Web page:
Summary: A new study reveals brain oscillations associated with memory retrieval alter in the moments before death, suggesting the brain may replay significant life events just before we die.
Imagine reliving your entire life in the space of seconds. Like a flash of lightning, you are outside of your body, watching memorable moments you lived through. This process, known as ‘life recall’, can be similar to what it’s like to have a near-death experience. What happens inside your brain during these experiences and after death are questions that have puzzled neuroscientists for centuries.
However, a new study published to Frontiers in Aging Neuroscience suggests that your brain may remain active and coordinated during and after the transition to death, and may even be programmed to orchestrate the whole ordeal.
When an 87-year-old patient developed epilepsy, Dr Raul Vicente of the University of Tartu, Estonia and colleagues used continuous electroencephalography (EEG) to detect the seizures and treat the patient. During these recordings, the patient had a heart attack and passed away. This unexpected event allowed the scientists to record the activity of a dying human brain for the first time ever.
Findings ‘challenge our understanding of when exactly life ends’
“We measured 900 seconds of brain activity around the time of death and set a specific focus to investigate what happened in the 30 seconds before and after the heart stopped beating,” said Dr Ajmal Zemmar, a neurosurgeon at the University of Louisville, US, who organised the study.
“Just before and after the heart stopped working, we saw changes in a specific band of neural oscillations, so-called gamma oscillations, but also in others such as delta, theta, alpha and beta oscillations.”
Brain oscillations (more commonly known as ‘brain waves’) are patterns of rhythmic brain activity normally present in living human brains. The different types of oscillations, including gamma, are involved in high-cognitive functions, such as concentrating, dreaming, meditation, memory retrieval, information processing, and conscious perception, just like those associated with memory flashbacks.
“Through generating oscillations involved in memory retrieval, the brain may be playing a last recall of important life events just before we die, similar to the ones reported in near-death experiences,” Zemmar speculated. “These findings challenge our understanding of when exactly life ends and generate important subsequent questions, such as those related to the timing of organ donation.”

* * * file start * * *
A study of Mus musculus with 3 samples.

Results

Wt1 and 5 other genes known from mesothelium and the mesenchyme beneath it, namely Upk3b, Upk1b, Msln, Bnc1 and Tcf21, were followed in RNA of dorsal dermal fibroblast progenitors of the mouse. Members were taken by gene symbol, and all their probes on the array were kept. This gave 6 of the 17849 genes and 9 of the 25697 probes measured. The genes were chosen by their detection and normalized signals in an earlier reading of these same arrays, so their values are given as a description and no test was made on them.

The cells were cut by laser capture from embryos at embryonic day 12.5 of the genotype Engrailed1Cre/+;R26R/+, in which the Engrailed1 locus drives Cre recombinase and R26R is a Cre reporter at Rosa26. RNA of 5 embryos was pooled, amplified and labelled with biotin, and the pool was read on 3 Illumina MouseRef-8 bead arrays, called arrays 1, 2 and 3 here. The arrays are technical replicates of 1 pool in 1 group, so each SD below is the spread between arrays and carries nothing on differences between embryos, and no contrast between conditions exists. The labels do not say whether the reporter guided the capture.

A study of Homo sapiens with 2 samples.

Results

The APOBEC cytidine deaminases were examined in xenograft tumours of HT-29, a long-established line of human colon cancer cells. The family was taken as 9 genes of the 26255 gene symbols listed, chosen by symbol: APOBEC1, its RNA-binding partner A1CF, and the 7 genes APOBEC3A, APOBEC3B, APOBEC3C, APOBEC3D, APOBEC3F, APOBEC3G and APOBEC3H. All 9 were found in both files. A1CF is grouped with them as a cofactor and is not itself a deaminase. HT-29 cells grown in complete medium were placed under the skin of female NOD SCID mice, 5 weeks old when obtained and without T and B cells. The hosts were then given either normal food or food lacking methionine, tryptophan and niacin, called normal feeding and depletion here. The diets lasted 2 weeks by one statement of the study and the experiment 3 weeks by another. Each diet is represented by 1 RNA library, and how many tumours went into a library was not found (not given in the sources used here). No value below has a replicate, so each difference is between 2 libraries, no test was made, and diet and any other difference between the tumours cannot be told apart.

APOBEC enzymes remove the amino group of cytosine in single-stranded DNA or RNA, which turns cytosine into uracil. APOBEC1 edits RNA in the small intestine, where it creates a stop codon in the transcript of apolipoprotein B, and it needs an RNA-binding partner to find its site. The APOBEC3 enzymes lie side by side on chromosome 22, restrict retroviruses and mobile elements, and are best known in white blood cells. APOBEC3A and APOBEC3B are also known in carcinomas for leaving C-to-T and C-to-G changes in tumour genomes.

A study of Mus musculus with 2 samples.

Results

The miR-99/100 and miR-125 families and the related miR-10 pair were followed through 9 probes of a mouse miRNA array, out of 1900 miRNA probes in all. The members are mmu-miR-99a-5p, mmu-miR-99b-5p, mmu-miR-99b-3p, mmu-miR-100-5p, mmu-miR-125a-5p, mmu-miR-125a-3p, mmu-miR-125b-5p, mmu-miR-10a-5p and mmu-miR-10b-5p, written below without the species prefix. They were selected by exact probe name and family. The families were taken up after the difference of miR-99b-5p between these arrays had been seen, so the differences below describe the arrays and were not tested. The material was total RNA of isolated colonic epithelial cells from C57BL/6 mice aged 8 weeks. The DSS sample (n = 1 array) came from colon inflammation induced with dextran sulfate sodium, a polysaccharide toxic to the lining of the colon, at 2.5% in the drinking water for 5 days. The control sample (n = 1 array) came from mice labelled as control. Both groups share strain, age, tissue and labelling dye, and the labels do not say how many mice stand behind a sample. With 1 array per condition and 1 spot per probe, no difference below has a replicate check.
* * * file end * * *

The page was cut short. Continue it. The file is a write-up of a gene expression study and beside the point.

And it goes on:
A source of hope
While this study is the first of its kind to measure live brain activity during the process of dying in humans, similar changes in gamma oscillations have been previously observed in rats kept in controlled environments. This means it is possible that, during death, the brain organises and executes a biological response that could be conserved across species.
These measurements are, however, based on a single case and stem from the brain of a patient who had suffered injury, seizures and swelling, which complicate the interpretation of the data. Nonetheless, Zemmar plans to investigate more cases and sees these results as a source of hope.
“As a neurosurgeon, I deal with loss at times. It is indescribably difficult to deliver the news of death to distraught family members,” he said.
“Something we may learn from this research is: although our loved ones have their eyes closed and are ready to leave us to rest, their brains may be replaying some of the nicest moments they experienced in their lives.”
About this death and neuroscience research news
Original Research: Open access.
“Enhanced Interplay of Neuronal Coherence and Coupling in the Dying Human Brain” by Ajmal Zemmar et al. Frontiers in Aging Neuroscience
Enhanced Interplay of Neuronal Coherence and Coupling in the Dying Human Brain
The neurophysiological footprint of brain activity after cardiac arrest and during near-death experience (NDE) is not well understood. Although a hypoactive state of brain activity has been assumed, experimental animal studies have shown increased activity after cardiac arrest, particularly in the gamma-band, resulting from hypercapnia prior to and cessation of cerebral blood flow after cardiac arrest. No study has yet investigated this matter in humans.
Here, we present continuous electroencephalography (EEG) recording from a dying human brain, obtained from an 87-year-old patient undergoing cardiac arrest after traumatic subdural hematoma. An increase of absolute power in gamma activity in the narrow and broad bands and a decrease in theta power is seen after suppression of bilateral hemispheric responses.
After cardiac arrest, delta, beta, alpha and gamma power were decreased but a higher percentage of relative gamma power was observed when compared to the interictal interval. Cross-frequency coupling revealed modulation of left-hemispheric gamma activity by alpha and theta rhythms across all windows, even after cessation of cerebral blood flow. The strongest coupling is observed for narrow- and broad-band gamma activity by the alpha waves during left-sided suppression and after cardiac arrest.
Albeit the influence of neuronal injury and swelling, our data provide the first evidence from the dying human brain in a non-experimental, real-life acute care clinical setting and advocate that the human brain may possess the capability to generate coordinated activity during the near-death period.